ADJ1177048 (SFO 0487779)
This decision was filed and served on September 3, 2009.
The holding involves the application or interpretation of Labor Code section 4660(c), which continues to state: "This schedule … shall be prima facie evidence of the percentage of permanent disability…."
In a prior decision the Appeals Board held in substance that: (1) the Diminished Future Earnings Capacity (DFEC) portion of the 2005 Schedule is rebuttable; (2) the DFEC portion of the 2005 Schedule ordinarily is not rebutted by establishing the percentage to which an injured employee’s future earning capacity has been diminished; (3) the DFEC portion of the 2005 Schedule is not rebutted by taking two-thirds of the injured employee’s estimated diminished future earnings and then comparing the resulting sum to the permanent disability money chart to approximate a corresponding permanent disability rating; and (4) in the usual case, the DFEC portion of the 2005 Schedule may be rebutted only in a manner consistent with Labor Code section 4660 – including section 4660(b)(2) and the RAND data to which section 4660(b)(2) refers.
The Appeals Board granted reconsideration of the prior en banc decision in order to allow further briefing by the parties and to allow amicus curiae briefing from other interested persons or entities with regard to how the 2005 Permanent Disability Rating Schedule may be rebutted.
In this Decision After Reconsideration the Appeals Board clarifies the prior decision, holding that: (1) the language of section 4660(c), which provides that “the schedule … shall be prima facie evidence of the percentage of permanent disability to be attributed to each injury covered by the schedule,” unambiguously means that a permanent disability rating established by the Schedule is rebuttable; (2) the burden of rebutting a scheduled permanent disability rating rests with the party disputing that rating; and (3) one method of rebutting a scheduled permanent disability rating is to successfully challenge one of the component elements of that rating, such as the injured employee’s DFEC adjustment factor, which may be accomplished by establishing that an individualized adjustment factor most accurately reflects the injured employee’s DFEC.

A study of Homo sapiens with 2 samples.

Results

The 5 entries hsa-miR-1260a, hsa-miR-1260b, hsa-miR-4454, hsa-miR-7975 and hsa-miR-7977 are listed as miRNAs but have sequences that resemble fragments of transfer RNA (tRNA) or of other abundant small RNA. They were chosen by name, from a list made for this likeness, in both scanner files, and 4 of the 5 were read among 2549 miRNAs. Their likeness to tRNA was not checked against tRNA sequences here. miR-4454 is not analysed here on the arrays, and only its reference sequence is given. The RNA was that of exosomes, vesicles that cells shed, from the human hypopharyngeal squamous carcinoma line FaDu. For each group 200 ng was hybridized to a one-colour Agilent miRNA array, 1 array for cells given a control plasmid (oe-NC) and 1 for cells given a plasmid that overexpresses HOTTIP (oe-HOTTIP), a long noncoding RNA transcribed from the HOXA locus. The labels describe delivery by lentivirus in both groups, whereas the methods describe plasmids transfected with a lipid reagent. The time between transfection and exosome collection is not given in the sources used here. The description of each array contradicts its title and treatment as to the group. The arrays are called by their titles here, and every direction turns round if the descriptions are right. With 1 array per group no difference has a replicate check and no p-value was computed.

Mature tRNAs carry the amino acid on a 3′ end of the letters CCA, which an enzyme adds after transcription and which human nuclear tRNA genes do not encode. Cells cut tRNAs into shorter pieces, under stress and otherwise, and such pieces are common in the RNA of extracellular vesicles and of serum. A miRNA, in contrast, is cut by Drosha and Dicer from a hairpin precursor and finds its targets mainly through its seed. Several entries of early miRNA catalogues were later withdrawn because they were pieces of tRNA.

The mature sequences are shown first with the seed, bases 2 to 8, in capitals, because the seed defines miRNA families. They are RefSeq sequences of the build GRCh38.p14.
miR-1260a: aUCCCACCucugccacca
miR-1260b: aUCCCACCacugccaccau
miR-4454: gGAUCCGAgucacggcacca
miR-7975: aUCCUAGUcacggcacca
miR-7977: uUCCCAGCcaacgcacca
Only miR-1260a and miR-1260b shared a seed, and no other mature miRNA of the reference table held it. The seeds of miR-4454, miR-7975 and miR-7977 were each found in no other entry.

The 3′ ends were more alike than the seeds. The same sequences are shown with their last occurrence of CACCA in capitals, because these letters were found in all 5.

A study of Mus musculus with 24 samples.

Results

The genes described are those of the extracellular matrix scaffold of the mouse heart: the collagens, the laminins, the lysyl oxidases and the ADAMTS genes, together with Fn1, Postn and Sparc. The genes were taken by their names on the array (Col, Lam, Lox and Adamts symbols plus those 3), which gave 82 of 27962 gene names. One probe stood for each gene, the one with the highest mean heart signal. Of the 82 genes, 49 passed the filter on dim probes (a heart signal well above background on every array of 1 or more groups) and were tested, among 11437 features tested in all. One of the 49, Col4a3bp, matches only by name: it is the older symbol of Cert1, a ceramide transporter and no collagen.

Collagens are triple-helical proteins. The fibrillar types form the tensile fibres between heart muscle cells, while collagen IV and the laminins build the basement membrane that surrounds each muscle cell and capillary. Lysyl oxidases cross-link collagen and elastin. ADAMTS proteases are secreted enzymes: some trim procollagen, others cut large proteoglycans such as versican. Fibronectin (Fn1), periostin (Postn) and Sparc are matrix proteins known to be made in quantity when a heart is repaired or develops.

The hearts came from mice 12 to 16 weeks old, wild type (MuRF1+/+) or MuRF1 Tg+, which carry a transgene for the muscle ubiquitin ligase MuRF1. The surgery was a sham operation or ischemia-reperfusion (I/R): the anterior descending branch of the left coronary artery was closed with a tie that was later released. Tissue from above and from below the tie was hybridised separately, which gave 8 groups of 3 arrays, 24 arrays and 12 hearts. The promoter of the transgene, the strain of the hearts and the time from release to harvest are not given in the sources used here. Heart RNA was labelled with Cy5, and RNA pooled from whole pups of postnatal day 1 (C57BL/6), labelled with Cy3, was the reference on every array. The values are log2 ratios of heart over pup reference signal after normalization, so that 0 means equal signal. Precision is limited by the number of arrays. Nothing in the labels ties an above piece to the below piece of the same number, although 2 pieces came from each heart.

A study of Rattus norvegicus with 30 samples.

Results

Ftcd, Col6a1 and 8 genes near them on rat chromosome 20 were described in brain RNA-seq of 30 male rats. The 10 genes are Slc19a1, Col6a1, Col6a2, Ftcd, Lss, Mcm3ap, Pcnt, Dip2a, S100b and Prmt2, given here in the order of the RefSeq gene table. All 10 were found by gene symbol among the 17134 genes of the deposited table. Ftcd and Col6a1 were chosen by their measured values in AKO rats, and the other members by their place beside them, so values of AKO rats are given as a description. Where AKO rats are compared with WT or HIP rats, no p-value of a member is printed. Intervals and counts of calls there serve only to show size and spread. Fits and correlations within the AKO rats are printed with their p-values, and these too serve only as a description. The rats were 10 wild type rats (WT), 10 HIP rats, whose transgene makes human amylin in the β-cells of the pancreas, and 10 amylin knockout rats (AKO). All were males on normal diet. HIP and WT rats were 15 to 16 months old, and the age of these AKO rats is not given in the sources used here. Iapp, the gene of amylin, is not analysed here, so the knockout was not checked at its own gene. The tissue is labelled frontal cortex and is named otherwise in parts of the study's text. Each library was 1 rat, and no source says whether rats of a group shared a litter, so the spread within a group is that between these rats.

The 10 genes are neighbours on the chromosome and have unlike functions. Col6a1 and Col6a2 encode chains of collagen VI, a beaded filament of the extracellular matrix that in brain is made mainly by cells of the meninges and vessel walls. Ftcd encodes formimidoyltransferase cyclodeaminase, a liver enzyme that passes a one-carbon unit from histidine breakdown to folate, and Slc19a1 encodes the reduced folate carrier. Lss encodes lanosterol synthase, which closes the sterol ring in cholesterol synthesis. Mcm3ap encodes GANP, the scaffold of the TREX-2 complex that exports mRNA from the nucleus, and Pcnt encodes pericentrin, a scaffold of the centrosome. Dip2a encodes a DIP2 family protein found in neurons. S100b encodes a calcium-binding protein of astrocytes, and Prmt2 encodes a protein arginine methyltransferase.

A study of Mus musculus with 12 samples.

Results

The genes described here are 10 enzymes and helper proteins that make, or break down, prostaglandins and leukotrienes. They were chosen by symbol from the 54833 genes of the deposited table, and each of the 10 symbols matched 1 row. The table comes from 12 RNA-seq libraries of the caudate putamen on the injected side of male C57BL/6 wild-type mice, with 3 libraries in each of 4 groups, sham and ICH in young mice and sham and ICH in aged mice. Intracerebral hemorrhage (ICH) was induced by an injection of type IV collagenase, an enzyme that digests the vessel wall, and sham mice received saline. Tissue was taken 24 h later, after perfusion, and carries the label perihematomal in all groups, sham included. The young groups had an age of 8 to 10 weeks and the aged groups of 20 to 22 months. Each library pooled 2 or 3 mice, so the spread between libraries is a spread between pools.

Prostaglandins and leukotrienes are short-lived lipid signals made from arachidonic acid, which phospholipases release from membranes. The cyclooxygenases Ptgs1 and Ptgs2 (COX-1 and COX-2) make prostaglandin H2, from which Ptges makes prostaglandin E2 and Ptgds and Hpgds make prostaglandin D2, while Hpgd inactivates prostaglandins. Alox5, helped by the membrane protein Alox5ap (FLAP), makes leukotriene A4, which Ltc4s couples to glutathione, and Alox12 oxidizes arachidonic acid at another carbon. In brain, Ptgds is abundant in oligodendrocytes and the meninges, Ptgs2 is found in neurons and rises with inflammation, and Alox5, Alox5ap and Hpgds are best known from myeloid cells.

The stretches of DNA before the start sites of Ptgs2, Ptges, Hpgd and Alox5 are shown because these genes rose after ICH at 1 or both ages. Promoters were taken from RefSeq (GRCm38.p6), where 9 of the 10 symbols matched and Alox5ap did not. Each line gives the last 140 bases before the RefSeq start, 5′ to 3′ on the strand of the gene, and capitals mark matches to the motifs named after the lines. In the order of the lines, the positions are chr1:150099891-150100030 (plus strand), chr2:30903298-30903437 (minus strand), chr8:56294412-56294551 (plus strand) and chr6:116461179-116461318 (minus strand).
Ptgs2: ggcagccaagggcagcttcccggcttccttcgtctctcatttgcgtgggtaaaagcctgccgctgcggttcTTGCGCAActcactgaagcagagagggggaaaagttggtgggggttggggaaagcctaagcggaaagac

The Appeals Board stated further that the individualized DFEC adjustment factor must be consistent with section 4660(b)(2), the RAND data to which section 4660(b)(2) refers, and the numeric formula adopted by the Administrative Director (AD) in the 2005 Schedule, and it also must constitute substantial evidence that the Workers’ Compensation Appeals Board (WCAB) determines is sufficient to overcome the DFEC adjustment factor component of the scheduled permanent disability rating. Otherwise, the prior decision was affirmed.